THE ROAD TO JAPAN
Japan has been part of my future for as long as I can remember. I long dreamed of traveling to this exotic country full of wonders and honorable people.
By the age of 24, I was ready to start my journey when one day a friend asked me where I thought I was going with my poor English. He said I was just an Italian country boy and needed to learn English properly before setting out into the world. Realizing that he was right, I decided to go to London instead. My plan was to spend a couple of years studying and working there, and then fly to Japan.
Many people have the idea that England is not primary culinary destination, but London was a city full of surprises. People from all over the world were interacting in a friendly and open way, and many great chefs visited to demonstrate what cooking was all about.
Between working every morning and every evening, I could only attend English school for a few hours in the afternoon. I remember rushing from place to place through the underground, sometimes nearly knocking people over in my haste. Altogether it was a fun and remarkable experience, but it delayed my arrival in Japan by about four years. And not least, I met my wife there.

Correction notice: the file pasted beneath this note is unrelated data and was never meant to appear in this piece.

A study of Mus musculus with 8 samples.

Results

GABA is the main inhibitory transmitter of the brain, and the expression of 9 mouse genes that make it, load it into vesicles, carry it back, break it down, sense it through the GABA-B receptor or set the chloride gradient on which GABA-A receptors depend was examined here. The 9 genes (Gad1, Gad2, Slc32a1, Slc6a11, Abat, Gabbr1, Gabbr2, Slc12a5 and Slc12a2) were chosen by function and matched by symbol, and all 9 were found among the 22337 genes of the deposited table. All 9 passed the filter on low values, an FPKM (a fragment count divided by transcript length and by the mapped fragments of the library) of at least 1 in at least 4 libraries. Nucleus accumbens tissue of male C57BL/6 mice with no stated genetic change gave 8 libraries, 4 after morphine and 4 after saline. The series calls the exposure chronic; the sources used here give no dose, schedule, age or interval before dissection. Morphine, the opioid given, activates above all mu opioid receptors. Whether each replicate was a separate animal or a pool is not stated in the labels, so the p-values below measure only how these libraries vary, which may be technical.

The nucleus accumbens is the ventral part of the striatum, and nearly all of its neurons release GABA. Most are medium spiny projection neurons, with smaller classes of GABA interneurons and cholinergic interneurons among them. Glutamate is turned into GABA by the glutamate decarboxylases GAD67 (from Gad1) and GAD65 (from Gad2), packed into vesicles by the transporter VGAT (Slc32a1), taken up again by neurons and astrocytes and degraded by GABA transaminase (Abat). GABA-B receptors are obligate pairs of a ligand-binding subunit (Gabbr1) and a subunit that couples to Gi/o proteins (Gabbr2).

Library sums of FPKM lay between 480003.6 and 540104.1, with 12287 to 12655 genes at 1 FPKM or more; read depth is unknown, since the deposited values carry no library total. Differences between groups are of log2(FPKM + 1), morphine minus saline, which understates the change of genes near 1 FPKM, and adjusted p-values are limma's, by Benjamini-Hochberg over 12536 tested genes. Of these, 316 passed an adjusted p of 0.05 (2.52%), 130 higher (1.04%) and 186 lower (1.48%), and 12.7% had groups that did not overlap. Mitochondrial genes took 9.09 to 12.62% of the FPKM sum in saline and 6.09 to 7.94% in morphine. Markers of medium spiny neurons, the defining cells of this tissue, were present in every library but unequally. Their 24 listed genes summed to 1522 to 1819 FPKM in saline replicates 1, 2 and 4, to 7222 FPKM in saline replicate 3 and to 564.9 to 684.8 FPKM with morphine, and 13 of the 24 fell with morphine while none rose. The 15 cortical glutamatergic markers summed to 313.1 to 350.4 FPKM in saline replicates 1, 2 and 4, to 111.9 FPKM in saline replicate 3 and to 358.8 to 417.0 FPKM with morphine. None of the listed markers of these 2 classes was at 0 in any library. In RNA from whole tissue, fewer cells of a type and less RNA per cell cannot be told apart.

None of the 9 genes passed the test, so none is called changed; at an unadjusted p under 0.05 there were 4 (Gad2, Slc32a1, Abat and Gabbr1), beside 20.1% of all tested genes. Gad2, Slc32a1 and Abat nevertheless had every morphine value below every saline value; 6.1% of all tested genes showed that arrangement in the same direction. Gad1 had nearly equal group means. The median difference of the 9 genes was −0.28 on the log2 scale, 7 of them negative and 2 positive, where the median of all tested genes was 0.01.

In the summer of 1999, on my third visit to Japan, I had the pleasure of meeting Mr Carmine Cozzolino, who offered me the position of executive chef for the seven restaurants he was running at the time. I did this for a full four years before deciding to strike out on my own. It was a frightening but very exiting time.
As I had since my arrival in Japan lived in the Kagurazaka neighborhood, so it was just natural for me to look for a restaurant location there. One day in November of 2003, my wife and I spotted a secluded location that apparently was of little interest to anyone else. But to us it looked perfect. I liked that it was full of light, was not too big or too small, and most of all we could afford it.
So we laid down construction plans, wrote up a menu and started looking for staff. On February 16th, 2004 we opened our doors to the public for the very first time. And despite earthquakes and an equally shaky economy, we’re still there.